New barn exhibit opens following Miss. Ag and Forestry Museum fire

New barn exhibit opens following Miss. Ag and Forestry Museum fire

JACKSON, Miss. (WLBT) - From the ashes come new life at the Mississippi Agriculture and Forestry Museum.

Since fire destroyed several buildings, attendance has been down by roughly 30,000 visitors annually.

Officials hope renovations will bring the return of attendees wanting to learn more about the state’s agricultural history.

A new barn was built displaying more than 20 pieces of historic farm equipment dating back to the 1800′s.

Farm equipment, dating back to the 1800's, is now on display at the newly constructed barn exhibit. Source: WLBT
Farm equipment, dating back to the 1800's, is now on display at the newly constructed barn exhibit. Source: WLBT

“A lot of people thought the entire complex had burned,” said MS Agriculture Commissioner Andy Gipson. “The fire was so hot and raging."

That November 2014 blaze destroyed the children’s barn yard, a vet clinic, a maintenance shop and storage sheds. But on Monday, a new barn, with more than 5,000 square feet, welcomed visitors.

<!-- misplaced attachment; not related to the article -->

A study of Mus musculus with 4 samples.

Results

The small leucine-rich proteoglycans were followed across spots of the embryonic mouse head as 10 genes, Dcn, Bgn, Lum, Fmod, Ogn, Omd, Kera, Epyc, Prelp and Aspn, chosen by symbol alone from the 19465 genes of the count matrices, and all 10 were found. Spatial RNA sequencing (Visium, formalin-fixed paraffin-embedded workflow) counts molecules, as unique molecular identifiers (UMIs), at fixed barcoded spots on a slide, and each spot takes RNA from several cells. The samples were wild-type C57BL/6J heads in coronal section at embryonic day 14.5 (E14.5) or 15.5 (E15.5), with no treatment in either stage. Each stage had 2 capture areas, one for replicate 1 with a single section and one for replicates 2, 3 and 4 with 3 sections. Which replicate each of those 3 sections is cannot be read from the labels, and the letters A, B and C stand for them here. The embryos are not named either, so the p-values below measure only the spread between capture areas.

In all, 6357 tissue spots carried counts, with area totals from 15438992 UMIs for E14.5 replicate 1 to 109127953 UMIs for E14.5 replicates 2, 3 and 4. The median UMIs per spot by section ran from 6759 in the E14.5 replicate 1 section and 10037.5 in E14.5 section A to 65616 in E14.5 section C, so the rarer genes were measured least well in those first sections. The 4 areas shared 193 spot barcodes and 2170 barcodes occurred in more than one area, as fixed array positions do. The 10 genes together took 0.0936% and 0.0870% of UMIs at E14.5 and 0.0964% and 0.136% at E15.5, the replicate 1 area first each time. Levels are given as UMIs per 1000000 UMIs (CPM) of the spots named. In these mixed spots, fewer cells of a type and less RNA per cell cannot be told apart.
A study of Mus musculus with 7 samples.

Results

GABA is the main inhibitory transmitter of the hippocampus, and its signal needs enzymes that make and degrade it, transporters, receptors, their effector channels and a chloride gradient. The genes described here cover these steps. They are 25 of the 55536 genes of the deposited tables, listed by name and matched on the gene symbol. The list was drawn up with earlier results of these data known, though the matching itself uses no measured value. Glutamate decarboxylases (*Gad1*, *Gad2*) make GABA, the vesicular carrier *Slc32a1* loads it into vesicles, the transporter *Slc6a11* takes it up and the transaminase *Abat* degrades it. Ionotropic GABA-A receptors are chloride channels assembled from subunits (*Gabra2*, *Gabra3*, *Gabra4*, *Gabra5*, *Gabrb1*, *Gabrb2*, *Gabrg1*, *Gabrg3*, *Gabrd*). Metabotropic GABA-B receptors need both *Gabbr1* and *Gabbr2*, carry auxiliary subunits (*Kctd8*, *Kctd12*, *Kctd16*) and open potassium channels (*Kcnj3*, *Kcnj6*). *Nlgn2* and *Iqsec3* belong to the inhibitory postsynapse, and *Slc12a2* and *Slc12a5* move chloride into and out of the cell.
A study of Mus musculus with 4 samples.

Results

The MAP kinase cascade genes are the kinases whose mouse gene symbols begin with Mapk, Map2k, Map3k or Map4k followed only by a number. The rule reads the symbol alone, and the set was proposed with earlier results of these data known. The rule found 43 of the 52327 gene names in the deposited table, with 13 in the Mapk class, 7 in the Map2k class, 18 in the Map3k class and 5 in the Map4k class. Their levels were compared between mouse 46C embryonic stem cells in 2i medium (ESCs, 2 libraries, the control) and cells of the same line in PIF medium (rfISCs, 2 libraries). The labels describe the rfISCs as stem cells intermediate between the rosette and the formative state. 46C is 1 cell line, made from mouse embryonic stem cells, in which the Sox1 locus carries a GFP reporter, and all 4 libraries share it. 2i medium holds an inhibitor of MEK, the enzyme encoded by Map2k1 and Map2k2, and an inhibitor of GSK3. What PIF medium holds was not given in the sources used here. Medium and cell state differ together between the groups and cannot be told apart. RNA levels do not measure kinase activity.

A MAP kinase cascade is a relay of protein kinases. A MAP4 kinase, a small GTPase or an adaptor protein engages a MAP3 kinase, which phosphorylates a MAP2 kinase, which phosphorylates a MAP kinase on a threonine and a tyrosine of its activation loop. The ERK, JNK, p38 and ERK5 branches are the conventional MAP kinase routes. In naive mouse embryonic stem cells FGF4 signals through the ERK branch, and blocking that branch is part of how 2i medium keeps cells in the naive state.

Attendance is down by roughly 30,000 at the MS Ag and Forestry museum since the November 2014 fire. Officials hope the renovations attract more visitors. Source: WLBT
Attendance is down by roughly 30,000 at the MS Ag and Forestry museum since the November 2014 fire. Officials hope the renovations attract more visitors. Source: WLBT

Beneath it is historic equipment from tractors, to mule drawn mowers and hay balers along with grist mills.

“The type of construction is the old fashioned mortise and tenon construction,” said Gipson. “Where we’re standing right now there was nothing but smoke and ashes and flames, and today here young people are out here experiencing Mississippi agriculture in a very new and beautiful setting."

Next door to the barn is the new 4,000 square foot maintenance and restoration shop. In the middle sits a late 1800′s corn picker, waiting to be refurbished.

“It’s really fascinating to see it all here,” said Morgan Angel who was visiting the Ag and Forestry Museum Monday.

The Belhaven University graduate visits the museum often and is interested in the evolution of the farm equipment.

“We didn’t get to see this before and it’s really neat to be able to see it now,” added Angel. “Just see really how it goes through the stages of history, of how it started with the tractor process, the haying process, how it started and keeps going."

Two-thirds of the renovations are complete. A ribbon cutting will be held in October celebrating the re-opening of the children’s barn and the return of livestock.